Overture Center president and CEO Ted DeDee, credited with putting the arts center on solid financial footing, will step down in May.
DeDee replaced President Tom Carto in 2012 as the Overture Center Foundation took over from the Madison Cultural Arts District amid fundraising problems and a rift with Madison Mayor Paul Soglin.
In a joint statement, Overture Center Foundation chair Betty Harris Custer and immediate past chair Charlie Saeman credited DeDee with righting the ship.
“With his extensive experience and warm approach, he has been just the right person to take Overture from the beginning stages of private foundation to its present place as the leading performing arts organization in the state and admired throughout the region and country,” the statement says. “His retirement comes at the end of a very vital strategic planning process that will help establish an exciting path forward for his successor.”
DeDee was chosen after a national search. When he was hired he was director of the relatively small McCoy Community Center for the Arts in New Albany, Ohio, but also directed and helped open larger venues in Dallas, Nashville and Rochester, New York.
During his tenure, Broadway performances expanded from five weeks to a peak of 11 weeks, with attendance nearly doubling. He also oversaw a 44-percent increase in private donations, from $2.3 million to $3.3 million.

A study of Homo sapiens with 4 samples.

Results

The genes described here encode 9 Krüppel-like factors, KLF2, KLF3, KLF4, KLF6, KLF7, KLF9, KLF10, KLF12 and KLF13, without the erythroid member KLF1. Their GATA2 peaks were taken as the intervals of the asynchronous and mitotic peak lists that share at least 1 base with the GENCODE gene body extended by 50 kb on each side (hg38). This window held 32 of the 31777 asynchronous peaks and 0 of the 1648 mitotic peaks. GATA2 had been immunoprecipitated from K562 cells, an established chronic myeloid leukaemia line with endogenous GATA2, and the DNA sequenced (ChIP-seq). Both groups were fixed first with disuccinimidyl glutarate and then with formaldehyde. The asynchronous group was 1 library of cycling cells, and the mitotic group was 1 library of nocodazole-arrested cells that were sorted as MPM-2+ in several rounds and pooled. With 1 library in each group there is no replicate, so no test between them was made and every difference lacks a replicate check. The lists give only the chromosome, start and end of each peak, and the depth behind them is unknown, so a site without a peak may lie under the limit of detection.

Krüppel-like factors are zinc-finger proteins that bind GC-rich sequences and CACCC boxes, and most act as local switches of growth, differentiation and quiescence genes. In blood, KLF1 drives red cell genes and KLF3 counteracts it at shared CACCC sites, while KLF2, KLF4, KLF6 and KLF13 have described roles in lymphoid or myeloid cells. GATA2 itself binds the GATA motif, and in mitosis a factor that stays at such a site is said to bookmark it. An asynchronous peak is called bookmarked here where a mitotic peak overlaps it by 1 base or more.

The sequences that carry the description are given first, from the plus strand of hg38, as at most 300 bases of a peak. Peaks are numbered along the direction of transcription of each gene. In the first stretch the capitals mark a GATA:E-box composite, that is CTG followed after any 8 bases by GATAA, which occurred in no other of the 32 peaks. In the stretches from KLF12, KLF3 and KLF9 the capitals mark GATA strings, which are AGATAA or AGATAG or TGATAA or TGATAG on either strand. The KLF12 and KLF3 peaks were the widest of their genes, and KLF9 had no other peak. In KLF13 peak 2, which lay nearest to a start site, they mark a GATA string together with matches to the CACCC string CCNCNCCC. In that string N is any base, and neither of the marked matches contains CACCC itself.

He called his time at Overture “the perfect capstone to a 43-year career.”
“With the support of the community and the board, the Overture Center for the Arts is on its way to becoming a powerhouse in the industry,” he said in a statement. “In addition to the growth in the performing and visual arts, Overture has become a significant economic engine for Madison and the State of Wisconsin. I could not be more proud of what we’ve accomplished in such a short time.”
DeDee was the third director of the $205 million arts center, which opened in 2004. It's first director, Bob D'Angelo, abruptly resigned in 2005 amid charges of sexual harassment.
DeDee plans to work with the Overture board and staff during the search for his replacement.